The Slovenia Times

Brussels Gives Green Light to Recapitalisation of NLB


Slovenia planned to issue EUR 320m worth of contingent convertible bonds (CoCo bonds) and inject EUR 62.9m in equity to improve its Core Tier 1 ratio from just below 6% to 9% in line with the requirements from the European Banking Authority (EBA) and Slovenia's central bank.

However, the plans for the recapitalisation so far included EUR 61m to be raised in share capital to raise NLB's Core Tier 1 ratio to 7%, a threshold for issuing CoCo bonds.

In line with the original plan, NLB's second-largest owner, Belgian financial group KBC, was to provide the EUR 61m to increase its stake in the bank to 33.9%, but the group withdrew on Friday.

Speculations followed that the European Commission had demanded of KBC not to take part in the capital increase, but this was denied today by European Competition Commissioner Joaquin Almunia, who stressed the Commission had no opinion about KBC's participation in the NLB capital injection.

Almunia said that although KBC must sell its stake in NLB under a restructuring agreement with the Commission, KBC could offer an alternative and sell an equivalent stake in another bank.

When the Commission faced KBC with the alternative - selling an equivalent stake in another bank - KBC changed their mind and pulled out of the NLB capital increase, Almunia explained.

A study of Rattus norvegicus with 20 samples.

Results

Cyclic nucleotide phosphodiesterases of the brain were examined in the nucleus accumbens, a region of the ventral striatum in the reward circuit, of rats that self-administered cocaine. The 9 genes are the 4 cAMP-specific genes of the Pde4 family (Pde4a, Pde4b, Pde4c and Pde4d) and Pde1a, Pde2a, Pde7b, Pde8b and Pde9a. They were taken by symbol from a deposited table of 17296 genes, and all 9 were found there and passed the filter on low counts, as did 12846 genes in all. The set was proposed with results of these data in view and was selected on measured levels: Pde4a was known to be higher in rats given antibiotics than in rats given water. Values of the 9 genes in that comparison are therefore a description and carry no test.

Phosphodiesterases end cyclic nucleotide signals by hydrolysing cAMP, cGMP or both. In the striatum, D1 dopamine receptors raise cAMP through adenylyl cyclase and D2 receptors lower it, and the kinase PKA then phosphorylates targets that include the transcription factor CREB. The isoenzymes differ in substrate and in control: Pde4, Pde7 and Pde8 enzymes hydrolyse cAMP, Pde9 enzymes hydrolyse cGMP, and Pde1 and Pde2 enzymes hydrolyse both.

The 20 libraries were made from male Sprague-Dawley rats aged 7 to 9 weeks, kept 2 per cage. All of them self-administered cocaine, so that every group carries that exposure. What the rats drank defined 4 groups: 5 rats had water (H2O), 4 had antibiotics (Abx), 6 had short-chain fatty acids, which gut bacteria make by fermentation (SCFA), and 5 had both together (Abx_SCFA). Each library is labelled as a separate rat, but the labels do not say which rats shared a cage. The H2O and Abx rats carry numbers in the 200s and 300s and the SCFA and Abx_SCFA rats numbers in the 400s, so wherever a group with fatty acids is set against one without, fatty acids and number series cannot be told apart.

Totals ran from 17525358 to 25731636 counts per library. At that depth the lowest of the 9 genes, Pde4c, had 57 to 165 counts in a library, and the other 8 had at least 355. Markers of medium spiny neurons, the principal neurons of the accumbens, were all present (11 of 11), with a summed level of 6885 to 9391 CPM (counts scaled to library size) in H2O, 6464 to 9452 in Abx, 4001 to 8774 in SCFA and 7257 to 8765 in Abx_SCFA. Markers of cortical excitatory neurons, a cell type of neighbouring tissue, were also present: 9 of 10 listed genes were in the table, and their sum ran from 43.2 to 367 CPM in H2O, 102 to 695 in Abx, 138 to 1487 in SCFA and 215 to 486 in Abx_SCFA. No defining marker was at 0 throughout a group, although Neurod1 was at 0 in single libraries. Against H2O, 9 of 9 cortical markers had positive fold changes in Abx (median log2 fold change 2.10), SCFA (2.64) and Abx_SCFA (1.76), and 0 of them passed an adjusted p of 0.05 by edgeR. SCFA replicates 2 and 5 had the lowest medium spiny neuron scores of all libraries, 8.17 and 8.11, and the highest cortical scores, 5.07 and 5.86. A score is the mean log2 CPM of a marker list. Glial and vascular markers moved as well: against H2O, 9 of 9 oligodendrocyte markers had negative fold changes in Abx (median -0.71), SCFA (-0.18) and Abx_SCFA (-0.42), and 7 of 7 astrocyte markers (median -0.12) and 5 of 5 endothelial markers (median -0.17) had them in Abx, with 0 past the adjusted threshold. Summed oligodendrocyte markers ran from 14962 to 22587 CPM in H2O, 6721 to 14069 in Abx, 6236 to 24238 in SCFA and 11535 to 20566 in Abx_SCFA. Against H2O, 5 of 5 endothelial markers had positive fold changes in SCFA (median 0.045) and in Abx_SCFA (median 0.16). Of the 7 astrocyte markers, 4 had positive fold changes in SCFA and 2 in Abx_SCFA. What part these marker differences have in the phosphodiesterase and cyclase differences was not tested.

While the Finance Ministry expressed regret over KBC's decision, it said that this had not jeopardised the recapitalisation, as funds would be secured from the reserves of the state-run funds KAD and SOD.

"The Commission has approved the state aid for six months, to give NLB and Slovenia time to submit an updated restructuring plan, taking due account of this additional state support," today's press release from the Commission reads.

The Commission also opened an investigation into NLB's restructuring plan which Slovenia had submitted for the bank after the approval of last year's recapitalisation of the bank.

At this stage, however the Commission doubts that the proposed measures will enable the bank to become viable without continued state support.

The commission also expressed "concerns that the bank's own contribution to the costs of restructuring may be insufficient" and announced that it would verify whether the plan foresaw appropriate safeguards to limit the distortions of competition brought about by the state support.